What Burger King Is Doing Instead Of Closing Its Russian Locations

In the wake of Russia's invasion of Ukraine, a number of large businesses have decided to pull out of the Russian market. According to The New York Times, fast food brands like Starbucks, Pizza Hut, and KFC have shuttered their locations in the country. After receiving backlash for continuing Russian operations several days into the conflict, PepsiCo and Coca-Cola have temporarily stopped selling goods in the country, per Reuters, as has another fast food giant: McDonald's made the move to close its Russian restaurants after some customers had called for a boycott of the chain.

Despite pressure from consumers, coupled with the fact that more and more companies are cutting ties with Russia by the day, one notable fast food chain has not followed suit. According to Yahoo! Finance, Burger King made the executive decision to continue operating its Russian restaurants. Though the choice could raise eyebrows among critics, the company figured out a way to support Ukraine while avoiding a shutdown of its brand in Russia.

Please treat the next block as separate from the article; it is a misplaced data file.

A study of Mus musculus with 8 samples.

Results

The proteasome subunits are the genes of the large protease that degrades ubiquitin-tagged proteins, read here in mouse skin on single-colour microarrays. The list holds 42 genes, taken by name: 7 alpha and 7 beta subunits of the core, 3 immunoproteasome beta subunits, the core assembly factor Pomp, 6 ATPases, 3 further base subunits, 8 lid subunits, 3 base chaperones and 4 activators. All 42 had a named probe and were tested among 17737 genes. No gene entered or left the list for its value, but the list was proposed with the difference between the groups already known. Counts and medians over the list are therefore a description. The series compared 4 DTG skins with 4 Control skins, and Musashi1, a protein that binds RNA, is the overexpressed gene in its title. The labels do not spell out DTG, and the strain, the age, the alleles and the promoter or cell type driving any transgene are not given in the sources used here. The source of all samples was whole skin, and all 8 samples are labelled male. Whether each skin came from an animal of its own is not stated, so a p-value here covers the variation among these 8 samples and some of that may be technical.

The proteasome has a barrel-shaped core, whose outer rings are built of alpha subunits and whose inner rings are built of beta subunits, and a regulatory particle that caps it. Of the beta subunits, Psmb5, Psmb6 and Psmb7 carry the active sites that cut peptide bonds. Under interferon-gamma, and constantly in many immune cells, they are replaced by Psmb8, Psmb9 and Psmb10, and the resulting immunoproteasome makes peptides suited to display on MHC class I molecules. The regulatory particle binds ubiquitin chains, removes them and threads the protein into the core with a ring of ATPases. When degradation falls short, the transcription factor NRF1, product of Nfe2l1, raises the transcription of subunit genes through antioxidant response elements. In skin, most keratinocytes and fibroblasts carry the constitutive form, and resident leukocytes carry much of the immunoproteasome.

A different way to support Ukraine

Yahoo! Finance reports that Burger King's parent company, Restaurant Brands International (RBI), decided to divert all of the income gained from Burger King stores in Russia "towards humanitarian efforts supporting Ukrainian refugees." The company currently operates about 800 locations in Russia. RBI will also give $4 million to refugee organizations, and Burger King stores throughout Europe are donating "$2 million worth of Whopper meal vouchers for Ukrainian refugees."

These aren't the only changes affecting Burger King locations in Russia. CNBC reports that RBI plans to slash all advertising and corporate support of its Russian restaurants. As a result, franchise owners will need to source their own ingredients and do their own marketing without aid from Burger King. In addition, Burger King also decided to withdraw from any investment opportunities in Russia, further distancing itself from the country. The chain's strategy differs from that of McDonald's, which opted to shut down its Russian locations while continuing to pay its now-out-of-work staff members.